For many individuals, making charitable donations is a way to give back to their community and support causes that are important to them. However, charitable planning can also play an important role in estate planning. Working with a Massachusetts charitable planning attorney to incorporate a strategic plan for charitable donations into your estate plan can accomplish your goals of giving back to the community and supporting important causes while reducing the tax liability for yourself and your heirs.
Three Charitable Options that Can Help You Save
There are several ways to take advantage of certain tax laws that provide tax incentives for giving to charitable organizations. Three options you might want to consider as part of your charitable donation plan include:
1. Qualified Charitable Distributions
This irrevocable charitable donation is for individuals who may not need all of the income from their Individual Retirement Account (IRA). A Qualified Charitable Distribution (QCD) is a direct payment from your IRA to a charitable organization. The benefit for the individual is that the required minimum distribution they would have had to claim on their tax return as income is no longer income. A senior can exclude up to $100,000 per year of RMDs from their taxable income by gifting the RMDs to a charity.
2. Charitable Trusts
There are a variety of charitable trusts, but two charitable trusts might be worth additional consideration. A Charitable Remainder Trust (CRT) is an irrevocable trust that provides an immediate tax deduction and income payments for you or another beneficiary. The charity only receives the benefit of the trust after your death. However, during your lifetime, you or another beneficiary can enjoy income from the trust and the immediate tax deduction upon funding the trust.
A Charitable Lead Trust (CLT) is another type of irrevocable trust. However, with a CLT, the charity receives payments from the trust for a specific period. At the end of the payment period, the remainder of the trust is returned to the grantor or the grantor’s family. The type of CLT determines the exact tax benefit, which can be the reduction of estate and gift taxes or an income tax deduction.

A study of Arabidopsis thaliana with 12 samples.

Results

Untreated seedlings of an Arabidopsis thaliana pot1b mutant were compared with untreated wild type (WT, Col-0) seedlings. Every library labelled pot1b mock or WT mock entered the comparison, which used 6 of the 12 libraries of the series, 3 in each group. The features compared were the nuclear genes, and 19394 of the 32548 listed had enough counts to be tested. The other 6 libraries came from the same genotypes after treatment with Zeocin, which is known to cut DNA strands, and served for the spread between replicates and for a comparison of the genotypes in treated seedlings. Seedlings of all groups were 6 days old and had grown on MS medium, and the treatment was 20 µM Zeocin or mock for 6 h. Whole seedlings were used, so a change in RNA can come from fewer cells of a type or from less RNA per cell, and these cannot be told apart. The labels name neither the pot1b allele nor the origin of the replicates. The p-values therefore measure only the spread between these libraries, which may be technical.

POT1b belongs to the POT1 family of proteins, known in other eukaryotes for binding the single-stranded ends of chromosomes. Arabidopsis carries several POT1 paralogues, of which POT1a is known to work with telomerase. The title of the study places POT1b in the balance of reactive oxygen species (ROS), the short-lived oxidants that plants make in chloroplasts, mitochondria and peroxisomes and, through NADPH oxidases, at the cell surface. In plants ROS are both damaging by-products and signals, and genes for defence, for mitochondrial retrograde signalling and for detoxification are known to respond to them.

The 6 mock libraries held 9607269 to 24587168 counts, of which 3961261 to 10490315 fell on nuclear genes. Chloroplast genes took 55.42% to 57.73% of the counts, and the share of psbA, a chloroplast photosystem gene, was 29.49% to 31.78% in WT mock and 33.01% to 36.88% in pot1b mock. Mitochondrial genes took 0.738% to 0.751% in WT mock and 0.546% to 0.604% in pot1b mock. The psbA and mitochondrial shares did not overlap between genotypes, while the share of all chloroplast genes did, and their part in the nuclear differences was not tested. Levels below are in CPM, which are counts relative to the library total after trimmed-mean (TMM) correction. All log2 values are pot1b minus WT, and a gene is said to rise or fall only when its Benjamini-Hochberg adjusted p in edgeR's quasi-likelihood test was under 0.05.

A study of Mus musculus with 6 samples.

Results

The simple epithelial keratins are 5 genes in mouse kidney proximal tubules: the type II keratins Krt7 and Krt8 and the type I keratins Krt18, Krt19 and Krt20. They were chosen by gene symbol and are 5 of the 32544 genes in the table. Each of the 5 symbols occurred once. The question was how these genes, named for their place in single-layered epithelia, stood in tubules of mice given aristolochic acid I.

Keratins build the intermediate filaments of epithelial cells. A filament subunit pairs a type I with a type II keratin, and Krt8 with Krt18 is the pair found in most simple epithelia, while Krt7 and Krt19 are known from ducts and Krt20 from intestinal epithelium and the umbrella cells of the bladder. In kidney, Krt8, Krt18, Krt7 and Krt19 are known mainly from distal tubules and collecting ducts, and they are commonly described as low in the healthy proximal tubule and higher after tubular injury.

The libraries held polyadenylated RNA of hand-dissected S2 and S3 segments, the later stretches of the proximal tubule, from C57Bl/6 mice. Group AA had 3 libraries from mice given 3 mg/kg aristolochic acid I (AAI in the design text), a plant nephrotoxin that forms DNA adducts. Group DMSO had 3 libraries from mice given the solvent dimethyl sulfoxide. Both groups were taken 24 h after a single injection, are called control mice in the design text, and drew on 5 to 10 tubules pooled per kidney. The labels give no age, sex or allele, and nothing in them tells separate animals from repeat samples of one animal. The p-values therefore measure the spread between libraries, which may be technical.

3. Establish a Donor-Advised Fund
A donor-advised fund is a great tool for individuals who may want to support several charities but may not be sure right now what charities they want to support. It can also be useful for individuals who are not yet ready for retirement but want to ensure they have funds available during retirement to support various charitable organizations. A sponsor organization manages the charitable investment account.
Individuals can donate money and other assets while they are earning higher levels of income to receive the most benefit from the tax savings without feeling rushed to choose certain charities. The assets in the fund grow tax-free. The donor can then decide which charities he or she wants to support and make recommendations to the fund. A downside is that the sponsoring organization has the final say on how the funds are used. Therefore, your charities may not benefit from your suggestions.
Discuss Your Charitable Options with a Massachusetts Charitable-Planning Attorney
If you want to take advantage of the tax benefits of charitable giving while supporting your favorite charities, contact our office today to learn more. We can help you develop a charitable giving strategy that accomplishes all your goals for gifting and tax savings.